More than 50 people were killed and nearly 100 people were critically wounded after a child aged between 12 and 14 blew himself up at a wedding ceremony at around 11 pm local time on Saturday in Turkey’s southeastern province of Gaziantep, 60 kilometer north of the Syrian border. Condemning the deadliest act of terrorism to have hit the country this year, Turkish President Recep Tayyip Erdogan said on Sunday that “Daesh [ISIS] is the likely perpetrator of the attack”. According to the Gaziantep Prosecutor’s Office, a fragment of the suicide bomber’s vest was recovered from the scene.
Spent the night in #Gaziantep following the horrific & shocking terrorist attack. Our message is very simple:
We will NOT bow to terror!
— Mehmet Simsek (@memetsimsek) August 21, 2016
Meanwhile, to avoid spreading “fear in the community which could create panic and chaos”, the Turkish authorities temporarily banned the broadcasters from showing scenes of or after the explosion, scenes of the injured or the dead, reactions of eyewitnesses and public officials. It also noted that publications defying the order could “serve the purpose of terrorist organizations” responsible for the suicide blast.
Although authorities temporarily halted media coverage of the barbaric attack, journalists and eyewitnesses took to Twitter to post the scenes of devastation:
— Haidar Sumeri (@IraqiSecurity) August 20, 2016
— Ahmed Hassan (@SHAWSHANK5) August 20, 2016
— Ihtisham ul Haq (@iihtishamm) August 21, 2016
— Hêvîda ☆☆☆☆ (@sevimkizcan) August 21, 2016
— Haaretz.com (@haaretzcom) August 21, 2016
Video of the aftermath of the attack has also emerged on YouTube:
25-year-old Veli Can, an eye witness, told reporters: “The celebrations were coming to an end and there was a big explosion among people dancing. There was blood, and body parts everywhere.”
Ibrahim Ozdemir, another eyewitness, added: “It was carried out like an atrocity. We want to end these massacres. We are in pain, especially the women and children.”
Gulser Ates, who was wounded in the attack, told the state-run Anadolu Agency: “I don’t know what happened. The only thing I know is that my neighbor died on top of me. If she had not fallen on me, I would have died, too. Her body saved me. I condemn terror. There were innocent children there. No one had done anything wrong.”
The wedding of an influential pro-Kurdish Peoples’ Democratic Party (HDP) member was attended by a large number of Kurdish residents, raising speculation of ISIS involvement. Metin Gurcan, a security analyst and a former special-forces officer who previously worked in Kirkuk and Baghdad, told Al Arabiya News the attack deliberately targeted HDP sympathizers attending a purely civilian celebration:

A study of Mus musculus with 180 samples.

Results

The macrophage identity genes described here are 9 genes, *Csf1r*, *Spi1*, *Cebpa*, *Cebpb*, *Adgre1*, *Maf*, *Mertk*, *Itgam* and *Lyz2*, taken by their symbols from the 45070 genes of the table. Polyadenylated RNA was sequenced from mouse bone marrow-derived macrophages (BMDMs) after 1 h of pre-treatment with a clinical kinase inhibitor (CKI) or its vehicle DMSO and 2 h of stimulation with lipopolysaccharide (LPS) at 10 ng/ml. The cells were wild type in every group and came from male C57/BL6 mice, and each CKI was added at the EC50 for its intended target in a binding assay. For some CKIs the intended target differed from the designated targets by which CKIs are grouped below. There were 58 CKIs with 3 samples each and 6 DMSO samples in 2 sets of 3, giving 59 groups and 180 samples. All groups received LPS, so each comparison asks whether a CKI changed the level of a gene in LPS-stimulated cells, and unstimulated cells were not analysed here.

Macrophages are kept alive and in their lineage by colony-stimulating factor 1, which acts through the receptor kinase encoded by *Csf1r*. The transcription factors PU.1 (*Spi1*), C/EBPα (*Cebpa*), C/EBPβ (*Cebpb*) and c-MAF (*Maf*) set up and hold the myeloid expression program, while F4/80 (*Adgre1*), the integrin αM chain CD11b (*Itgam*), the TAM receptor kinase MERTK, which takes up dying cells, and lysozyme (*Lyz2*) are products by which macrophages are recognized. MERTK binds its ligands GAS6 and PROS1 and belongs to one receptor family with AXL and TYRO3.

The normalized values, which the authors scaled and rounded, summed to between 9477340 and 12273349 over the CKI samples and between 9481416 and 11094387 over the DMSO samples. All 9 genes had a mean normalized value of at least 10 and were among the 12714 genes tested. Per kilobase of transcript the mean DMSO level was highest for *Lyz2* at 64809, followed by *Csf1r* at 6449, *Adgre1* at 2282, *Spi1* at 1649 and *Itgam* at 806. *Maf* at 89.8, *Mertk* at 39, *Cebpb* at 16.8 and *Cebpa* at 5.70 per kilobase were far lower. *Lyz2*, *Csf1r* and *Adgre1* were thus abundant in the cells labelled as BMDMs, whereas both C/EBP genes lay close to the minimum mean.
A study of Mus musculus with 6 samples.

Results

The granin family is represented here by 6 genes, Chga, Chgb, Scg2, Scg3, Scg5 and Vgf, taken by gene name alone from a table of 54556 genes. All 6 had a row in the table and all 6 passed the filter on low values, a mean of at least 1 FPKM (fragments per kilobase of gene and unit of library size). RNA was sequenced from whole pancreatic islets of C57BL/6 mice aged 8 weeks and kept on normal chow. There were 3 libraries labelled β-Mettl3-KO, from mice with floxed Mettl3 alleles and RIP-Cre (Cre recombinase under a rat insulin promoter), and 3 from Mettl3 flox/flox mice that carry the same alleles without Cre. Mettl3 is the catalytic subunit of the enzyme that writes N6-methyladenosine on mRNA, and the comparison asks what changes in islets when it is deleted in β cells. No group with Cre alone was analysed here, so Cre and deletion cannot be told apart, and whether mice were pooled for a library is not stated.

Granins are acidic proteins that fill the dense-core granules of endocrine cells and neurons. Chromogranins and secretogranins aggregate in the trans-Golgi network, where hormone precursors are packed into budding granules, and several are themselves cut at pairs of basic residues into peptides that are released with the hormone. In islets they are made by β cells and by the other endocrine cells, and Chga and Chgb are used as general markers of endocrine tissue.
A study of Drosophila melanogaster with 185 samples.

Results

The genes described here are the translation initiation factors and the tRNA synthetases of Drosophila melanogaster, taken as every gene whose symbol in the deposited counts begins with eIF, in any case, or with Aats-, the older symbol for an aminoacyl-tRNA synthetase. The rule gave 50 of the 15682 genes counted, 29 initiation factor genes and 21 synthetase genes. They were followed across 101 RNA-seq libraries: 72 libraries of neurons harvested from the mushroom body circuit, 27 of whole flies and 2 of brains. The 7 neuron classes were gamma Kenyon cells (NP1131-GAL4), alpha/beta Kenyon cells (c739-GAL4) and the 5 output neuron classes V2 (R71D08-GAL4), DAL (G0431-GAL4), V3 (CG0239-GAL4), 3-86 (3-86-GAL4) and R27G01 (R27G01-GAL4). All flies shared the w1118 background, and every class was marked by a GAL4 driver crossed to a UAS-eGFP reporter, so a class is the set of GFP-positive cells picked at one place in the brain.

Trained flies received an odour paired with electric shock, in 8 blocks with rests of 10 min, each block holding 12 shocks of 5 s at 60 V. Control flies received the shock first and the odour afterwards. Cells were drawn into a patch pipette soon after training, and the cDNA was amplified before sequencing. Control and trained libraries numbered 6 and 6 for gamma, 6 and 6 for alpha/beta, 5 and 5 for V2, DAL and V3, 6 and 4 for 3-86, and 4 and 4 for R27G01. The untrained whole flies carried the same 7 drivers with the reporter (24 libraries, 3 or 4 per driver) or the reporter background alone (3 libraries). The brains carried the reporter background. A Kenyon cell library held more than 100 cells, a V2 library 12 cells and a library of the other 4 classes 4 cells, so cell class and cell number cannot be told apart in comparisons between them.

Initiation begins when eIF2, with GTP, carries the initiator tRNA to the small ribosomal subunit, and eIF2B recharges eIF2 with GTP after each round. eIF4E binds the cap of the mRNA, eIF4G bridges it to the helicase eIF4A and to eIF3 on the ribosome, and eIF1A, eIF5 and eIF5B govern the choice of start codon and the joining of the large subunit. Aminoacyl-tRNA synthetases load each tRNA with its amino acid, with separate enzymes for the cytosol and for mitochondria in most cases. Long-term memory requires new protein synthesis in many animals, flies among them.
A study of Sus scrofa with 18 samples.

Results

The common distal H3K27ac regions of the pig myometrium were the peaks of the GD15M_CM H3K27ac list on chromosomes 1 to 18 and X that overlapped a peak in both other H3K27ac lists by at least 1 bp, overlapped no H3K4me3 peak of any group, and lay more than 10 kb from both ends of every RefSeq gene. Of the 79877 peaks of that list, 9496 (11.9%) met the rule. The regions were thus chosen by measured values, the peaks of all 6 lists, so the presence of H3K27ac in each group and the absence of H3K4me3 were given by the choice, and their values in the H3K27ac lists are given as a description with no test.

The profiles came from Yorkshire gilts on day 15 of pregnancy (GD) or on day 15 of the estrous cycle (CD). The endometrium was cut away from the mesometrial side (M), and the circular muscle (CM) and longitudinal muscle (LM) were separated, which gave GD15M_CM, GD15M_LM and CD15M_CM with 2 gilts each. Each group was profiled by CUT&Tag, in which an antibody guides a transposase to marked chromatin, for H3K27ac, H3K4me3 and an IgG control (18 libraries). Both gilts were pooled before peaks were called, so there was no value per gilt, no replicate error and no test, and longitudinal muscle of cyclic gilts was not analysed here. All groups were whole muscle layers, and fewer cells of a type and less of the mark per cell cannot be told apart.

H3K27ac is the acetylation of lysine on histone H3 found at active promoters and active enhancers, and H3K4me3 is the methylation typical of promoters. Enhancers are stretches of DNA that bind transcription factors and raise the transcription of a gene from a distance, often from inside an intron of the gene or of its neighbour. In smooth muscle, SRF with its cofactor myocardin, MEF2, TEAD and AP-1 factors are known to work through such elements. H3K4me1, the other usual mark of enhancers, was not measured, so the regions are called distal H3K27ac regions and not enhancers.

“The target population, the type of attack and the location of the blast show that it is an ISIS attack aiming to reach one of the most vulnerable ethnic and religious nerves of Turkish society… As a common trend, ISIS doesn’t target countries but specific segments of the societies. Its foremost strategic target is to create a cleavage in Turkey between radical Sunnis who support it and the others who are alienated from the society, in this case Kurds.”
Mahmut Toğrul, the Gaziantep MP for the HDP, regarded the assault as a revenge attack on Kurds in Turkey by ISIS. He told The Guardian:
“It’s a catastrophe. People came together to celebrate, they were defenseless. ISIS has always targeted civilians, but we need to see this attack as a revenge attack on Kurds. This was not a random target and not just any wedding. Most of the people celebrating at the wedding were HDP supporters. The families of the couple are Kurds displaced from their villages during the clashes in the 1990s [between Turkish security forces and the PKK].”
The terror attacks in Turkey in the past year have linked either to ISIS or the outlawed Kurdistan Workers’ Party (PKK). Saturday’s attack comes a month after a group of Turkish soldiers attempted to overthrow the government, commandeering tanks, helicopters and warplanes in an attempted coup [blamed by the Turkish government on a network linked to the US-based cleric Fethullah Gülen] that killed nearly 250 people. Hakan Yavuz, a professor in the department of political science at the University of Utah, says Turkey is more vulnerable after the coup:
“The coup attempt destroyed the military institutions. There is also a rapprochement between Russia, Iran and Turkey over their Syria policies. Ankara is much more moderate now in allowing Syrian President Bashar al-Assad to stay in government, at least during the transition period. ISIS poses a greater threat to Turkey as a result of this shift in the country’s foreign policy.”